If I smell tacos, I want tacos. If you mention tacos, I want tacos. Tacos. Tacos. Tacos? The same thing goes for pizza. This is a terrible, terrible problem when you’re at work and people are always doing things like eating lunch. A week or two ago, the beautiful smells of tacos and pizza were co-mingling in the hallway, so I did what any other human would do and made taco pizza immediately upon my arrival home.
Fun fact: this was the first taco pizza I’ve ever eaten. I’m fully aware that this has been a thing for a long time now, but there’s always meat on them and no beans, which would really just result in my eating a lettuce and tomato pizza. Not the same (but that actually still sounds delicious). After eating this, I declared that whoever made this sweet, sweet creative deserves a Nobel Prize. So. Get on that, people.
This pizza is FILLING. Normally I would scoff at someone who calls 1 – 2 slices of pizza a meal, but that’s seriously the case here. I loaded this bad boy up! If you want to be able to eat more, I suggest reducing the amount of beans and taco filling by about half. If you don’t have time to wait for crust to rise or have dietary restrictions (like gluten) – start with a premade crust, choosing a thicker one if possible. Either way, this is really a fork and knife kind of pizza.
Lettuce, sour cream, taco sauce, olives, etc for topping
(Skip to Topping and baking if using pre-made or homemade crust) Mix warm water, yeast, and sugar. Let sit 5 minutes until foamy (if it doesn’t get foamy, your yeast was dead or your water was too hot)
In a large bowl, whisk flour, salt, and wheat gluten.
Using a stand mixer with a dough hook (or a lot of elbow grease!) slowly add the yeast mixture to the flour and stir until it forms a ball. Add additional water one tablespoon at a time, if necessary, to incorporate any flour remaining in the bottom of the bowl or extra flour if the dough is very sticky. You may need to knead by hand to incorporate all of the flour.
Using the hook on a low setting or kneading by hand, knead for 5 minutes. I typically split the time between hand and hook.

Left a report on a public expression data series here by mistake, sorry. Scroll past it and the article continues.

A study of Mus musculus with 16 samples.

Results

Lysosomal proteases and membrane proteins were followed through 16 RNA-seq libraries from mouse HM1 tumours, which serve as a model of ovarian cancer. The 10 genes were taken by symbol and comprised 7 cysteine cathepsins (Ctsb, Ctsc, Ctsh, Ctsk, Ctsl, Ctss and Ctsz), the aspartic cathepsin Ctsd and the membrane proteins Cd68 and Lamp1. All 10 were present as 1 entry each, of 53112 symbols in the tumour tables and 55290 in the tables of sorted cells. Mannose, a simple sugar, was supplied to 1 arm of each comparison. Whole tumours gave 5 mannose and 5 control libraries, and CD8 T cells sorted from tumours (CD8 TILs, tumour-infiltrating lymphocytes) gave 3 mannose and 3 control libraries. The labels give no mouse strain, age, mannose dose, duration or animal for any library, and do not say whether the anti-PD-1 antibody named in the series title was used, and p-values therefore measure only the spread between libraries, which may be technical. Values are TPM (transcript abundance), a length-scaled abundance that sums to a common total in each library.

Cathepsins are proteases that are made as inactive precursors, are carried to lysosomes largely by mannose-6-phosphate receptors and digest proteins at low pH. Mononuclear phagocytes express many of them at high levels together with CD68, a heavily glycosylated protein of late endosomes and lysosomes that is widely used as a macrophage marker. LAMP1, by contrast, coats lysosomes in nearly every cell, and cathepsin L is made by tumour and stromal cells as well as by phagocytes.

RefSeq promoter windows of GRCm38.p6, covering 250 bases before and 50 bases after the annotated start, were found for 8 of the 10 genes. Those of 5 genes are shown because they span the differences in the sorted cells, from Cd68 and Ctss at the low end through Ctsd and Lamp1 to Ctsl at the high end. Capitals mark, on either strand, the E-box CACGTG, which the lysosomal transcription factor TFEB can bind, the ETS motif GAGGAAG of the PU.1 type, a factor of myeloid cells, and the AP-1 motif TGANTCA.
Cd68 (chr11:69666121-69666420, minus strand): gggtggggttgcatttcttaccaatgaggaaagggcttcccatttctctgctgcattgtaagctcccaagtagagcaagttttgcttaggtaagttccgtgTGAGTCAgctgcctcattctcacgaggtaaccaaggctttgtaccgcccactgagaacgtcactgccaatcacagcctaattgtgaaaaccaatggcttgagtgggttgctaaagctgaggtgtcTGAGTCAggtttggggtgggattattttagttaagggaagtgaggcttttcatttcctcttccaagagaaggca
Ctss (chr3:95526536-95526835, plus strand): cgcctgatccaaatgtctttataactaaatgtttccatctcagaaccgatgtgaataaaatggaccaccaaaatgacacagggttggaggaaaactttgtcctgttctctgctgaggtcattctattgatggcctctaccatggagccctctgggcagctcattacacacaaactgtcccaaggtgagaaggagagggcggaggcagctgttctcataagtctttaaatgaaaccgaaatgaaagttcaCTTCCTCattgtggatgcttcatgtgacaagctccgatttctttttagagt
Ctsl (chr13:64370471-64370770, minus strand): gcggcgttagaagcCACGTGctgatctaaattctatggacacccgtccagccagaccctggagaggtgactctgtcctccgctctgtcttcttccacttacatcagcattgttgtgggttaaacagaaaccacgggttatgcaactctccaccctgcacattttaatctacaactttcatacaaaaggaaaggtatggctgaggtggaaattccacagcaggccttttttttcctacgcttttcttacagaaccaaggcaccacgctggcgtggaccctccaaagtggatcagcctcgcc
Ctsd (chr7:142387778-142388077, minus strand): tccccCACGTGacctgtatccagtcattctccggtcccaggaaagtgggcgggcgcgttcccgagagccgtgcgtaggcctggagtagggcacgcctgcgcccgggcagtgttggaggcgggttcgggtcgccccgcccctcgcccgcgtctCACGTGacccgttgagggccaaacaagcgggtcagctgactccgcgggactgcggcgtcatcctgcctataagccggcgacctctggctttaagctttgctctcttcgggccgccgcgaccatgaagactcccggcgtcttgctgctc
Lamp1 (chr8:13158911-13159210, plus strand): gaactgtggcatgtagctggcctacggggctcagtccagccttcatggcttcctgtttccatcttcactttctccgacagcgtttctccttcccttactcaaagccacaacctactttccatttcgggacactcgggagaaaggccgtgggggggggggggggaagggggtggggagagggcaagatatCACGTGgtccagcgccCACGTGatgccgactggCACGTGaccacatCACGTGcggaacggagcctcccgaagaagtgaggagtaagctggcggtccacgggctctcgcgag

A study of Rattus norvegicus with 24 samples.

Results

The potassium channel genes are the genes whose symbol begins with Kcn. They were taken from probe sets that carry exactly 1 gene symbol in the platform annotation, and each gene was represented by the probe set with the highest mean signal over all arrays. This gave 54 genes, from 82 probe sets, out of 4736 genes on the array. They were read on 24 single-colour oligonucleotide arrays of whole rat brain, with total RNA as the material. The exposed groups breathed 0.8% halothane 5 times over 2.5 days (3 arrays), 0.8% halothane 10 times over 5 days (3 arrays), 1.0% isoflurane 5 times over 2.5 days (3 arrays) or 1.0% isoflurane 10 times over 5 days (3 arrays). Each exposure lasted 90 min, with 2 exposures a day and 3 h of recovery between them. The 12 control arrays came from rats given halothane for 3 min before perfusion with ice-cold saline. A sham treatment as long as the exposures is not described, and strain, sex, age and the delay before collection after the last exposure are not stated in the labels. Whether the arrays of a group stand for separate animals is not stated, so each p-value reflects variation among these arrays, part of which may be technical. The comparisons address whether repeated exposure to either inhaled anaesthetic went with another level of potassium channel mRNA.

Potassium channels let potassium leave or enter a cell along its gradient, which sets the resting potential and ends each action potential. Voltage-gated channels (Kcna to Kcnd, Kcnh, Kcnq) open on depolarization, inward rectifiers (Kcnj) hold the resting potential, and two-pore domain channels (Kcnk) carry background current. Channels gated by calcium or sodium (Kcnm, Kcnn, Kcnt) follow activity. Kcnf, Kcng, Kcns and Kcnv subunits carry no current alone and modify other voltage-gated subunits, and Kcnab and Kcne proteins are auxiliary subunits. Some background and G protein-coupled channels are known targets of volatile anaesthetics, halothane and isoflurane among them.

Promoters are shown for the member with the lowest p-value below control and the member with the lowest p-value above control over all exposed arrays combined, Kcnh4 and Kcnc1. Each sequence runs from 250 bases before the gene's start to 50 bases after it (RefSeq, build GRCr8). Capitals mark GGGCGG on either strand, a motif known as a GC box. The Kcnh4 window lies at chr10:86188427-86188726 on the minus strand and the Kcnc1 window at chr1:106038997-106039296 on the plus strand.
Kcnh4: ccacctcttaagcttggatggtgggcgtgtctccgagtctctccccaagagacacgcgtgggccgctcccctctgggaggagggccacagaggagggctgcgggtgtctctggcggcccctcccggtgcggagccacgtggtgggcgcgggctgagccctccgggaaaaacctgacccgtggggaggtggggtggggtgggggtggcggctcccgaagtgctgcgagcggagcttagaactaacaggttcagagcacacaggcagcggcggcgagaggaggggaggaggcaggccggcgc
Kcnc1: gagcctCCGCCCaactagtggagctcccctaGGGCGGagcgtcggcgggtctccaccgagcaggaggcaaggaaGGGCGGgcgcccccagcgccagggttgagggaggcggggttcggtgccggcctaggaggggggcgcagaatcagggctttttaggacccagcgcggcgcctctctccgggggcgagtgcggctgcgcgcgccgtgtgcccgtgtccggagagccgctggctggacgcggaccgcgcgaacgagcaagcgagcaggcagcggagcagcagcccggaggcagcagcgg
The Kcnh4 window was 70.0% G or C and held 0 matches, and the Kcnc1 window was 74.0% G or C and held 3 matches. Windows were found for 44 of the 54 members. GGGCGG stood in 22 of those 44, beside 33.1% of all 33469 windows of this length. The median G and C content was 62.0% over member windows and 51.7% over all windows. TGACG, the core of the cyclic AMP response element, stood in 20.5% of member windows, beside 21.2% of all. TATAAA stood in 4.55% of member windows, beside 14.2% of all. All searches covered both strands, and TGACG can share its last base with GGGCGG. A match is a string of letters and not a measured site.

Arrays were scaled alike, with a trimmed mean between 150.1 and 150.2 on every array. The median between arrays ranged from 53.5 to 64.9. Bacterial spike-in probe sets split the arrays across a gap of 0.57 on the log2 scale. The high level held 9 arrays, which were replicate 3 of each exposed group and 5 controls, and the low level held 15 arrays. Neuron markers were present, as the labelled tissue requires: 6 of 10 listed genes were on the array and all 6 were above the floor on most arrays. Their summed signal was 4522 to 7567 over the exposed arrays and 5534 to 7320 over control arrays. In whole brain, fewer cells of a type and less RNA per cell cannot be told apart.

Cut the dough in half. Wrap one half in plastic and place in either the refrigerator or freezer– use this to make pizza later, cinnamon rolls, or other pastries (more recipes to come), simply thaw to room temp and then let rise.
Spritz the dough with nonstick spray or a dizzle of olive oile and cover. Let rise for approximately 1 hour, until doubled in size.
Meanwhile, preheat your oven to 400ºF and prepare a baking sheet with nonstick spray or heat a pizza stone.
*If using other homemade or frozen dough, start here* Roll the dough out into a 14 x 14” square or approximately 14” circle. Pinch the edges to create the crust – spritz with nonstick spray and lightly sprinkle with taco seasoning and garlic powder, if desired, for a flavorful crust.
Bake the pizza crust for 6 minutes (if using other homemade or frozen dough, cook until dough is almost done. If using a premade crust, skip this step) and remove from oven.
Microwave the beans for 1 – 2 minutes onion hot and easily spreadable. Spread with a layer of beans and then top with taco meat and tomatoes. Cover with cheese. Bake until cheese is melty and pizza is hot all the way through, 10 – 15 minutes
Cut into 8 slices and top as you would a taco. Use a fork and knife, this can get messy!
For a vegan pizza, use a vegan cheese or omit the cheese entirely. There’s a lot of deliciousness going on, so you won’t miss it. If serving to vegans, please note that not all vegans eat honey (in the crust). Make sure you microwave the beans before topping the pizza – this makes them not only more spreadable but also helps the pizza cook a little faster as the toppings are thick! For a lighter pizza, cut the taco filling and beans in half (leave the tomatoes and cheese the same). As is, one slice is a pretty hearty serving.